Recently, the New York Supreme Court's Appellate Division affirmed a $12 million verdict in favor of two consolidated asbestos cases. The companies Crane Co. and Tishman Liquidating Corporation (TLC) were held responsible for two workers' exposure to asbestos on the job, despite appeals from the defendants arguing otherwise.
The first plaintiff, Dave Konstantin, worked as a carpenter on several jobsites in which Tishman Liquidating Corporation (TLC) was the general contractor. TLC was found guilty of negligently supervising and controlling drywall work, where asbestos-containing joint compounds would be sanded down, creating breathable dust. The company was found 76% liable for his injuries.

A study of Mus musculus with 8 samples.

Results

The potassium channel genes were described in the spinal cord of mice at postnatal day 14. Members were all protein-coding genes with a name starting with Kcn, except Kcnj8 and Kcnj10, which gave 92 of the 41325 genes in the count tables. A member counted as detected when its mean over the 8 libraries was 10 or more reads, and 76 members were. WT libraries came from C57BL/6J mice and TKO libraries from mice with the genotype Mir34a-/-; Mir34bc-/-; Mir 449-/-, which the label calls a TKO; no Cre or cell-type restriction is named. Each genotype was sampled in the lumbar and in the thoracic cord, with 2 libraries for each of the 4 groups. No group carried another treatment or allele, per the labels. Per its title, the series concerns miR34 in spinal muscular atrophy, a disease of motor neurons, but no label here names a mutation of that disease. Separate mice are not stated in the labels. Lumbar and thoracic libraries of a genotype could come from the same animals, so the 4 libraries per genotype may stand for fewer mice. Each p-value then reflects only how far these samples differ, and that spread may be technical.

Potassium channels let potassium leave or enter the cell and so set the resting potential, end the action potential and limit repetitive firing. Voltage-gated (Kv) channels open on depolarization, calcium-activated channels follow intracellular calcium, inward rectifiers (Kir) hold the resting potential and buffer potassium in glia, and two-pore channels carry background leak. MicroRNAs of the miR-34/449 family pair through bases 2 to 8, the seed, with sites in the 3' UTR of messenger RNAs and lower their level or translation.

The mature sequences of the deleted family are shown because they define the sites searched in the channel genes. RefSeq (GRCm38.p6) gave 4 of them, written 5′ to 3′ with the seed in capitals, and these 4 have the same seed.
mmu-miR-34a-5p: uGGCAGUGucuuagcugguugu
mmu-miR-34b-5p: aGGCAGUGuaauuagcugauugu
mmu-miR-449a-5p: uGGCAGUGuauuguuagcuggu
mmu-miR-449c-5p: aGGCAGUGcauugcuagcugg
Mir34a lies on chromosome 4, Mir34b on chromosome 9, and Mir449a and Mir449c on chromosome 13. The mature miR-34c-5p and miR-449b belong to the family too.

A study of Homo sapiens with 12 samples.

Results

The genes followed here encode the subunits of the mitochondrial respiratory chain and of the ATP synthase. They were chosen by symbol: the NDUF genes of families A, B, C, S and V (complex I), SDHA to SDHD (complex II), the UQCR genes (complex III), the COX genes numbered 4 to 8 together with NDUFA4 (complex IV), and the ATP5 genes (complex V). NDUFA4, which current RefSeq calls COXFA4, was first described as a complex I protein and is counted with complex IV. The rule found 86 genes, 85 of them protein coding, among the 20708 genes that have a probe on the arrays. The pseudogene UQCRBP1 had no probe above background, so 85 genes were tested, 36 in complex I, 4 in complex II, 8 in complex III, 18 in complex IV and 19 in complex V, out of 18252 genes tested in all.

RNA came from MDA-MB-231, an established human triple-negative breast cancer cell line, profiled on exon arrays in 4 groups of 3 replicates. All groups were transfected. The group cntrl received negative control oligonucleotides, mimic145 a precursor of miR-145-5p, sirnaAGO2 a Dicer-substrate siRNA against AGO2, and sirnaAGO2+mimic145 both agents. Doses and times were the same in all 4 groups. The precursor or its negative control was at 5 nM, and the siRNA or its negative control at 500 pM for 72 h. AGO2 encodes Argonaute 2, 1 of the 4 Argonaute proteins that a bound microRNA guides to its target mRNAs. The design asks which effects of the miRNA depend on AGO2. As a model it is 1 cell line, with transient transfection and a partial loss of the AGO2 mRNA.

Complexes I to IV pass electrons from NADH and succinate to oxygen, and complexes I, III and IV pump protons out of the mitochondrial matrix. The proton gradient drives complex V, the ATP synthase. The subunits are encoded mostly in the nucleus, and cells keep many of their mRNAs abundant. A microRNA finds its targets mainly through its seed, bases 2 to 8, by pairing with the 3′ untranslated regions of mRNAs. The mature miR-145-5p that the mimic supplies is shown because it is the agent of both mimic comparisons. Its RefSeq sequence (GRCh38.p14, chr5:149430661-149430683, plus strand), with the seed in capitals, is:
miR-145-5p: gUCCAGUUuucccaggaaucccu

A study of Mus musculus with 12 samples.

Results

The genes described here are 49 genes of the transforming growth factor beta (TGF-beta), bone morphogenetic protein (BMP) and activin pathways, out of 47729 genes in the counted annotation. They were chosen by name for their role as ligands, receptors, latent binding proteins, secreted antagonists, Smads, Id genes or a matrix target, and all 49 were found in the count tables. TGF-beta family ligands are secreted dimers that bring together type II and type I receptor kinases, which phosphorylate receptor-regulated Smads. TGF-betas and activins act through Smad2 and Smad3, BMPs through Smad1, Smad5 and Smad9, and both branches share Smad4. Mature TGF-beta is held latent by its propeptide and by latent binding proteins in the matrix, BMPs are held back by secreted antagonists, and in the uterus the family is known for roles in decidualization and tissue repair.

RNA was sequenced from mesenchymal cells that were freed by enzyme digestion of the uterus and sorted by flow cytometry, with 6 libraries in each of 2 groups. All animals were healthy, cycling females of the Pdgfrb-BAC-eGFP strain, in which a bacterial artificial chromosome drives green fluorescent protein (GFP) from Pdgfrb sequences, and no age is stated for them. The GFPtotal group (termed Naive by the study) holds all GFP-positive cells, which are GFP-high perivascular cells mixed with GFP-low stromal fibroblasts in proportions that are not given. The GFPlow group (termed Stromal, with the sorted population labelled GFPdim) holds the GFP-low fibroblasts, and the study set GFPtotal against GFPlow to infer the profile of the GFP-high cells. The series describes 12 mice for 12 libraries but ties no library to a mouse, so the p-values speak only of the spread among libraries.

The second plaintiff, Ronald Dummitt, was exposed to asbestos aboard Navy vessels as a boiler technician. Dummitt worked closely with Crane Co. valves containing asbestos packing and gaskets. Crane was found 99 percent liable for Dummitt's injuries.
Despite the two plaintiffs having different work histories and means of exposure, the court held that "both decedents were in the immediate presence of breathable asbestos dust released into the air while they were performing their duties." Both companies failed in their duty to warn workers about the dangers of asbestos exposure.
If you have been exposed to asbestos at work, there is a good chance that your employer let you handle the substance while knowing about the hazards it posed to your health. You might be entitled to compensation for your medical expenses, lost wages, and more.